It’s not a mega-project such as the new 520 floating bridge or the Highway 99 tunnel, but for the outdoors crowd, a new road into the King County wilderness is the most anticipated transportation project in years.
Sometimes, to get to the wilderness, you have to drive to the wilderness. It’s not easy to do if your destination is the Middle Fork Snoqualmie River Trail.
Getting there, especially in the winter and spring, means navigating a road that’s not much more than “a bunch of craters stitched together for 10 miles,” said Mark Boyer, a longtime advocate for preserving and improving the Middle Fork Valley.
Almost since the gravel road was built more than 50 years ago, outdoor enthusiasts have been complaining about it.
“Our trip reporters have been talking about the road condition for years,” said Andrea Imler, with Washington Trails Association. “It’s riddled with potholes. I’ve heard about a number of people who’ve gotten broken axles over the years.”
Just ask Boyar, who has long advocated for a plan to rebuild the Middle Fork Road.
“I can’t tell you how much I’ve spent fixing the suspension in my poor Subaru,” he said.
The road had a catastrophic washout just a few years ago, requiring a one-year closure and a $500,000 repair.
Now, after years of planning, the Federal Highway Administration has awarded an almost $15 million contract to Active Construction of Tacoma to pave that 10-mile stretch of the forested road, starting in April. It’s hard to overstate the value of the road to the 3.5 million people who live within an hour of Middle Fork Valley.
“It’s right in North Bend’s backyard, it’s a mecca for hiking,” said Imler. Despite the difficult drive, an estimated 100,000 vehicles use the road each year.
It wasn’t long ago that the Middle Fork Valley was a haven for illegal activity.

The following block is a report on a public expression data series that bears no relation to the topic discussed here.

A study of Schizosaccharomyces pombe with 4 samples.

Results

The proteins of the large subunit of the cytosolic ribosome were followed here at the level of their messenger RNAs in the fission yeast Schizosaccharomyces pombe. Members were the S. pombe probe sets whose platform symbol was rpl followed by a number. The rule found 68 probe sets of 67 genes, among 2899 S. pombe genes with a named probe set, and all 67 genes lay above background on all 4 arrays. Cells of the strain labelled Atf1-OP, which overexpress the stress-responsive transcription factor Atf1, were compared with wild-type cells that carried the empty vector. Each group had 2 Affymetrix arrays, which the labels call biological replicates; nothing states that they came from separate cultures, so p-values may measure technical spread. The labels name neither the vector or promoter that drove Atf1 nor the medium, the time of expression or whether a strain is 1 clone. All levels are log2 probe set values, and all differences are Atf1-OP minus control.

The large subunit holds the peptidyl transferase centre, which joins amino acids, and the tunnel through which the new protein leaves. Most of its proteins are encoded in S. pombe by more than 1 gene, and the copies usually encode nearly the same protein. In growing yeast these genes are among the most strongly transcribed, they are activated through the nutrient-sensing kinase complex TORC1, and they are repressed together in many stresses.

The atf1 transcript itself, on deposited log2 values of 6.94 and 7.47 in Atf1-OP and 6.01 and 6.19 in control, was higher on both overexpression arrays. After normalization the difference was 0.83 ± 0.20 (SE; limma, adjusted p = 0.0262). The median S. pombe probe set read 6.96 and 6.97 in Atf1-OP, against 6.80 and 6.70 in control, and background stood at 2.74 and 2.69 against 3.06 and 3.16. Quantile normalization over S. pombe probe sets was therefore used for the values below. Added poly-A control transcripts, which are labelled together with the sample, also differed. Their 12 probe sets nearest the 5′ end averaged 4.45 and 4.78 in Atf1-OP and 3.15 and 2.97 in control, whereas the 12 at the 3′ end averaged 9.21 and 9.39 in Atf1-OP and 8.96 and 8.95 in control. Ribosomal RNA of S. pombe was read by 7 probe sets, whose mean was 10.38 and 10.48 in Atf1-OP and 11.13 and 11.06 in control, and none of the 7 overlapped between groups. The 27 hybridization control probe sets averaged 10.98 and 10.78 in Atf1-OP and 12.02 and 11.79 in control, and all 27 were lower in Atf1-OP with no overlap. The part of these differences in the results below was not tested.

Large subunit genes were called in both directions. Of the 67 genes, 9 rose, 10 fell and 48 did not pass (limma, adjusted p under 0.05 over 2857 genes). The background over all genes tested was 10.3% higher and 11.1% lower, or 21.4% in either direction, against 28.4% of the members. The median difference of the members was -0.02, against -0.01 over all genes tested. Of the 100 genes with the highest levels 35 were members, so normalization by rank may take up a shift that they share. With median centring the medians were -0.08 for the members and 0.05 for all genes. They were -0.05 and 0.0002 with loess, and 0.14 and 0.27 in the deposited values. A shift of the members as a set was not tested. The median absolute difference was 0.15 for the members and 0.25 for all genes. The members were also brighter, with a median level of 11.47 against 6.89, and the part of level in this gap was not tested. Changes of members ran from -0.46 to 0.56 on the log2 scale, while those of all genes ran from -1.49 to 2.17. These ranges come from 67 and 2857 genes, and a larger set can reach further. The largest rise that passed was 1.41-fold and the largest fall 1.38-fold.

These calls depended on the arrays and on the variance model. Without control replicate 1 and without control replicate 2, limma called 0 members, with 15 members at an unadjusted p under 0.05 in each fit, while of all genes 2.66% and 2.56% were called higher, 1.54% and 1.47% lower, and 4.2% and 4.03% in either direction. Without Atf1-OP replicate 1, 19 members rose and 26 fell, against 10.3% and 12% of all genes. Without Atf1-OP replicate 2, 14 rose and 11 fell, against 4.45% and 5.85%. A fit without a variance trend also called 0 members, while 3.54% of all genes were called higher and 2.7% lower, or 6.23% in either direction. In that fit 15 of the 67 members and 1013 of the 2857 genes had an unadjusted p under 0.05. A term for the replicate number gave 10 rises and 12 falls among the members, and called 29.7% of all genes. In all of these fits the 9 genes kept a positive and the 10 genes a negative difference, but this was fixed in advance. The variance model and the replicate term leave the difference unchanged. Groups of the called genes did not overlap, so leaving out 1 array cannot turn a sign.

“It was the kind of place you’d go if you wanted to hide and have a meth lab. There were chop shops, totally out-of-control shooting up here,” said Boyar on a recent drive up the valley.
Boyar and a coalition of outdoor and recreation groups, including the Mountains to Sound Greenway began working on a long-range plan for the valley.
“We thought, you know, this has to change. We have to take this place back.”
And they have. With years of clean-up and diligent stewardship, it’s safe for families. Now, it’s time to fix the road. The finished project will feature two narrow paved lanes through the trees with speed limits between 15 and 25 miles per hour.
“We’re not building a highway here,” Boyar explained.
The road improvements will also increase the capacity of culverts, improve fish passage and reduce impacts on the rivers, according to project plans.
The 3-year road project begins this month but be warned, the construction will require complete road closures with only weekend access, at times, so you’re advised to check for closures before you leave home.
Rebuilding the road is just the start.
“We’re fixing a big problem that has to be fixed, but the valley needs to be prepared for a lot more visitors,” warned Boyar. Fundraising is underway to improve the Middle Fork Trail this summer with plans for about 20 other projects, including new trail heads, picnic areas, improved access to the river, parking, and restrooms.
For those courageous enough to drive the Middle Fork Road and hike the trails, there are spectacular views of sheer cliff faces that rival Yosemite National Park.
Boyar likes to quote a friend who suggests that if it was located anywhere else, the Middle Fork Valley would be a national park. It features all manner of wildlife, fish habitat, and thousands of acres of old growth Spruce forest. The Middle Fork Snoqualmie’s 35 miles of free-flowing river has been nominated in Congress for wild and scenic designation.
“I’ve been coming up here for 25 years,” said Boyar. “Every time I come up here, I see something new. It’s stunning.”